Shabbat Table with symbols of ShabbatThe Eternal commanded the people to celebrate Shabbat – A day that is separated from the rest of the week by not working and filling the day with rest. Why does this make this day so important to Jews throughout history?

For six days God created all the universe, the earth, and all that is on the earth… the place we call home …“ Completed now were heaven and earth and all their host. On the seventh day, God had completed the work that had been done, ceasing then on the seventh day from all the work that [God] had done. God blessed the seventh day and made it holy, and ceased from all the creative work that God [had chosen] to do.” (Genesis 2:1-3)

“Remember the Sabbath Day and keep it holy; six days you shall labor and do all your work, but the seventh day is a Sabbath day is a Sabbath of the Eternal your God; you shall not do any work – you, your son or daughter, you male or female slave, or cattle, or the stranger who is within your settlements – for in six days the Eternal made heaven and earth and seas (and all that is in them) and then rested on the seventh day; therefore the Eternal blessed the Sabbath day and hallowed it.” (Fourth Commandment – Exodus 20:8-11)

“The Israelite people shall keep the Sabbath observing the Sabbath throughout the ages as a covenant for all time; it shall be a sign for all time between Me and the people of Israel. For in six days the Eternal made heaven and earth, and on the seventh day [God] ceased from work and was refreshed.” (Exodus 34:15-17)

“The meaning of the Sabbath is to celebrate time rather than space. Six days a week we live under the tyranny of things of space; on the Sabbath we try to become attuned to holiness in time. It is a day on which we are called upon to share in what is eternal in time, to turn from the results of creation to the mystery of creation, from the world of creation to the creation of the world.” (A.J. Heschel – 1907-72 – author, activist and theologian)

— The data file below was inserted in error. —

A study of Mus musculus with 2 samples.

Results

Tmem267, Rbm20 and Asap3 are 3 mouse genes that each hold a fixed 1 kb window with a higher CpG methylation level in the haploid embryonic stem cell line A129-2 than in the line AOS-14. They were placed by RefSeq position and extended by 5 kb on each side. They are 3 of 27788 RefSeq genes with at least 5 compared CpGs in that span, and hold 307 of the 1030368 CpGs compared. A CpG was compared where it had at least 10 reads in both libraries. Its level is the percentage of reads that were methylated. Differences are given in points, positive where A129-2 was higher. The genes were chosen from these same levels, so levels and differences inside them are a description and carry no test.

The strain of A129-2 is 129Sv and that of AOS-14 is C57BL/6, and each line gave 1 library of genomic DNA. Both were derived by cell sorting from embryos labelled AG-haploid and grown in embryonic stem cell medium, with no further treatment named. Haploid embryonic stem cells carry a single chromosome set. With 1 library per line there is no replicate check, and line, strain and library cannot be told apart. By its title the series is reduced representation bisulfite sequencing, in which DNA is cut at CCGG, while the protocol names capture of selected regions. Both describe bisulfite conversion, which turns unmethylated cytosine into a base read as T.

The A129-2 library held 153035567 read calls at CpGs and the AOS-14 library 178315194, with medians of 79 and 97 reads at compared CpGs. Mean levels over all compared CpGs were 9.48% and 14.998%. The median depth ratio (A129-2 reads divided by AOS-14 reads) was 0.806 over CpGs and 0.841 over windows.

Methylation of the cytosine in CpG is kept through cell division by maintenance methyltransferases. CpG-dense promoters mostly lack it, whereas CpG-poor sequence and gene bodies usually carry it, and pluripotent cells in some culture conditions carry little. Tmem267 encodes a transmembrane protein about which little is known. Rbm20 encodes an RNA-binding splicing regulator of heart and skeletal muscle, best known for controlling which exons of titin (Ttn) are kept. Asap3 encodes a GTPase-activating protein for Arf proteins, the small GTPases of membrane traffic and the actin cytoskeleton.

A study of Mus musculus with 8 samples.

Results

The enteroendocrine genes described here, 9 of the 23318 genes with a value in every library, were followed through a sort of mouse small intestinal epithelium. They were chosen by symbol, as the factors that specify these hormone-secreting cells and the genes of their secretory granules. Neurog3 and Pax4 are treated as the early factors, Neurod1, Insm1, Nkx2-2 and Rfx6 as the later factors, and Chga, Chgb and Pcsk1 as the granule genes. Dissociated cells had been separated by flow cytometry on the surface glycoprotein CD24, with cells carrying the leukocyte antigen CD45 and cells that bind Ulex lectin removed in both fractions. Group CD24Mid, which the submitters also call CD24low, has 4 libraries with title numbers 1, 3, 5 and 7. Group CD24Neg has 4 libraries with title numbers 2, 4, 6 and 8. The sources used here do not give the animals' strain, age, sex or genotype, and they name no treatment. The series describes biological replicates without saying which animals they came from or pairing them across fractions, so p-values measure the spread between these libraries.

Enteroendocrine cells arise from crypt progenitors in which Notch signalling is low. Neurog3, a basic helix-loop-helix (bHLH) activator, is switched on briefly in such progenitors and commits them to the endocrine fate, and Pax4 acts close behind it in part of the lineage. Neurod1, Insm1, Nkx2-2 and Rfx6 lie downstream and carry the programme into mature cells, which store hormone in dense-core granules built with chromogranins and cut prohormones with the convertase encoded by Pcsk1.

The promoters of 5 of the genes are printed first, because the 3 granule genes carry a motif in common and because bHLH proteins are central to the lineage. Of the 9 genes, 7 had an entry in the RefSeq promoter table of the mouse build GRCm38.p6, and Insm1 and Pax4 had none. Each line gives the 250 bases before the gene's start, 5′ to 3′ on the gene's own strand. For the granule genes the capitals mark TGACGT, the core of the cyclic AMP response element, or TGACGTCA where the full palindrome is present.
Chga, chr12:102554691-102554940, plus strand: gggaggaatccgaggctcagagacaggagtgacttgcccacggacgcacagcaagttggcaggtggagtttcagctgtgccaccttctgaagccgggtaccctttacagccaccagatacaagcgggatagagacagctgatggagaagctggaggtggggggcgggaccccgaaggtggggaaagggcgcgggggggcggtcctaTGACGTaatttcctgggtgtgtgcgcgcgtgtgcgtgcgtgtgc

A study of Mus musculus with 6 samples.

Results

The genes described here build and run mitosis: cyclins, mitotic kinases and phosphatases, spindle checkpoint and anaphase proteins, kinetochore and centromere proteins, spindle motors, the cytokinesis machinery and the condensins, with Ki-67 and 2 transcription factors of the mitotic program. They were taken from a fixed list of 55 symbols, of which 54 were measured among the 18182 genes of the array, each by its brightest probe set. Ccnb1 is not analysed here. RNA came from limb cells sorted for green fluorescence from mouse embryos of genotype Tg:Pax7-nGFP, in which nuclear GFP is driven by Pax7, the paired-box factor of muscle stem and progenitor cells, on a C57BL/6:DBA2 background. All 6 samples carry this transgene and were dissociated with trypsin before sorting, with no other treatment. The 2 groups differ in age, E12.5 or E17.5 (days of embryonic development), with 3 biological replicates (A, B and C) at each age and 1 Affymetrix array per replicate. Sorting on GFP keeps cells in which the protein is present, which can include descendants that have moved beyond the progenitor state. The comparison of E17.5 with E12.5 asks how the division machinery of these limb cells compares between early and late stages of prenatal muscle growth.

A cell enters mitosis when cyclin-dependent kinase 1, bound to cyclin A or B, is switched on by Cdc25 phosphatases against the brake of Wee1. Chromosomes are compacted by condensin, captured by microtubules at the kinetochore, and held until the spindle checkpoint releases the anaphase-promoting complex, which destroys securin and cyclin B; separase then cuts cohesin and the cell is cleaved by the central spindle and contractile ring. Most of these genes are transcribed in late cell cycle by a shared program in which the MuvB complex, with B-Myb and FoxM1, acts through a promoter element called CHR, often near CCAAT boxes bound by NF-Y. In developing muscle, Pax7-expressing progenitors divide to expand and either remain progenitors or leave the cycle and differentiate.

“More than the Jewish People has kept Shabbat, Shabbat has kept the Jewish People.” (Ahad Ha-am – 1856-1927, born in Ukrane, he was a cultural Zionist)
The five quotes featured above explain the basis of Shabbat. A holiday that comes every week… That doesn’t make it less important that the rest of the holidays that are celebrated with gusto once every year…. In fact, in many ways, Shabbat may be the most important holiday.

When the world was created the Eternal ceased from work and called the seventh day, a day of rest, holy – kadosh. The dictionary defines “holy” as follows:
1) Consecrated – dedicated or set apart for religious purposes
2) Saintly – devoted to service of God, a god, or a goddess
3) Sacred – relating to, belonging to, or coming from a divine being or person
4) Awe-inspiring – having a character that evokes reverence

So, if Shabbat is holy… it is dedicated to God … And, it is holy or kadosh indicating it is “separate” or “set apart.” Shabbat is separated from the rest of the week. Other “holy” items like the Torah and kosher foods are also separated from the ordinary and become special.

Shabbat is holy by becoming separate from the other days. It is a day of rest…. It is a day when we can spend time with our family and loved ones as opposed to time devoted to work…. It is a day we can study and think about subjects, that because of the time consumed by work, we can’t thank about during the other six days of the week. It is a day we can devote to God. There is time to spend in Temple or Synagogue. There is time to think about how we, as free individuals, fit into the world… and how we can act to improve the world in which we live.

A major reason that Shabbat has been so significant through the ages is the fact that it is a holiday that is celebrated in time… not in a particular space. Jews throughout history didn’t have to go to a holy land or a holy place to celebrate this special day. Wherever a Jew was – away from home or exiled to a foreign land – Shabbat could be celebrated. This special day helped create stability in the lives of Jews…. It has a set time – sunset on Friday to sunset on Saturday – a set routine – Shabbat dinner, fixed prayers and rituals in the Shabbat eve and Saturday morning services, Saturday afternoon services, havdalah (Shabbat closing service) – Shabbat could be celebrated anywhere, with or without family. The holiday of Shabbat has helped the Jewish people through the ages keep themselves close to the faith … once a week – every week.

Through the ages there have been different customs and traditions used to celebrate Shabbat. If you know of an usual Shabbat custom or you are celebrating Shabbat in a unique manner, please let us know. Send us a comment or email. The JewishMeltingPot would like to share it with the rest of our readers.